IF you’re lucky enough to be in Cornwall this summer then don’t miss a truly hair-raising exhibition at the Tate St Ives.
The gallery is showing a series of independent one-room displays from different eras, concentrating on the theme of space, structure and light.
THERE’S still (just) time to see an exhibition I’ve only today been alerted to, in the Glass Box, in Earl Street, Coventry.
The 1st Annual Queer Art exhibition in Coventry is being staged there, but is taken down on Saturday. It was set up by The Queer’ists Project, which was founded by Coventry-based freelance photographer Marta Kochanek, who graduated from Coventry University this year.
It is a follow up exhibition to the official annual exhibition which took place in Birmingham last month. Marta said it shows work of 13 Queer artists representing artists from the UK, US and Poland.
Marta formed The Queer’ists Project in March to be a platform to emerging and established Lesbian, Gay, Bisexual and Transgender artists and art lovers.
Peering through the windows this evening it looked an interesting mixture of works and art styles and worth having a proper look if you’re in the area.
So where is the true birthplace of lawn tennis – Royal Leamington Spa or Edgbaston in Birmingham? Those with a view on the matter could bat that debate about all day, and it’s something that’s looked at in a wonderful exhibition at the Barber Institute in Birmingham.
It seems that Thomas Gem and his friend Jean Batista Augurio Perera played on Perrera’s lawn in Edgbaston in 1859 – but both moved to Leamington in 1872 where they formed Leamington Lawn Tennis Club with two local doctors.
Gem himself drew a sketch of their first match as a foursome, at the Manor House Hotel, at the first club in the world formed specifically for playing lawn tennis. The exhibition features a photograph of the sketch which was presented to the Manor House in 1957 and sadly subsequently ‘lost’.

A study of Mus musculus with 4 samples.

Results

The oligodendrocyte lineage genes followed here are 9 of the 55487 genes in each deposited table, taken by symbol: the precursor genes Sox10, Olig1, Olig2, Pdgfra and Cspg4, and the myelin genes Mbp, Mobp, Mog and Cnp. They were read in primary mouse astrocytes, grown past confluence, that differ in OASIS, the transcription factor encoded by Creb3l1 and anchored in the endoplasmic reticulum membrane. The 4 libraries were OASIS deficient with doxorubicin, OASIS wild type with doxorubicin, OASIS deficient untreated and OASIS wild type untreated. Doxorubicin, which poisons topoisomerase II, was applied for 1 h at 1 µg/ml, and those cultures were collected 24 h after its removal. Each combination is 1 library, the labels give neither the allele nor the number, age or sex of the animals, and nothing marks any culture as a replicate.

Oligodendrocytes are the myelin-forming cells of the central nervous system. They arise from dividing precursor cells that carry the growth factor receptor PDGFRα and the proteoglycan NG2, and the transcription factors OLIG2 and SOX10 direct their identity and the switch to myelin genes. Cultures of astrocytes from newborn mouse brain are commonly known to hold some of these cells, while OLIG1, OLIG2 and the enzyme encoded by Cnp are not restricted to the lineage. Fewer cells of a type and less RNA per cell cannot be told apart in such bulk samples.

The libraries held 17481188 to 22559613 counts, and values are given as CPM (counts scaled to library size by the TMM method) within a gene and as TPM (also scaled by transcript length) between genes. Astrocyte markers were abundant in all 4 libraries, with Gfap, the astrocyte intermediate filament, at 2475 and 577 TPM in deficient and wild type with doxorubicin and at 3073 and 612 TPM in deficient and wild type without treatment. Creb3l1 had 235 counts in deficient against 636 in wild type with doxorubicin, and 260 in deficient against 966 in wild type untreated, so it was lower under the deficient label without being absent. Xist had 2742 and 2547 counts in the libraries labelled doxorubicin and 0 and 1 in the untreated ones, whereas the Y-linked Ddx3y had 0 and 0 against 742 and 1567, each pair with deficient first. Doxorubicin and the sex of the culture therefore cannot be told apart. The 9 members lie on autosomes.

As the original club is no longer going, the Edgbaston Archery & Lawn Tennis Society is now the oldest surviving lawn tennis club in the world – but on the strength of this exhibition and accompanying catalogue I can forgive Birmingham its boasting.
SCENERY that will be beloved of many Midlanders from their holidays can be seen in a new exhibition later this month.
Original prints of landscapes and seascapes are on show at Rugby Art Gallery’s Floor One gallery from 16-27 August.
They are the work of Iain Hodgkinson, who was born in Blackburn and now lives in Northamptonshire, and is a member of Milton Keynes Printmakers.
Iain said: “The work is inspired by the beautiful scenery of the Lake District and I hope people will find them soothing to look at.”
The prints are limited editions and will be for sale.
ALCOHOL and art often go together, and Brink, a ‘not-for-profit’ arts organisation based in Kenilworth, is presenting its third Vino Veritas artist showcase at Kenilworth Wines.
In this one you can browse for a bottle while admiring the works of Andrew Christopher, a graduate of the London Guildhall University who currently lives and works in Stratford-upon-Avon.
The works are a mix of acrylic on canvas and pen and ink drawings on paper, and are described as having a dreamlike quality, “combining imagery of children and animals in what can only be described as a fantastical dance of the macabre”.
There is a narrative running through the series, relating to childhood, storytelling and games. All the works on show are available to buy as originals or prints.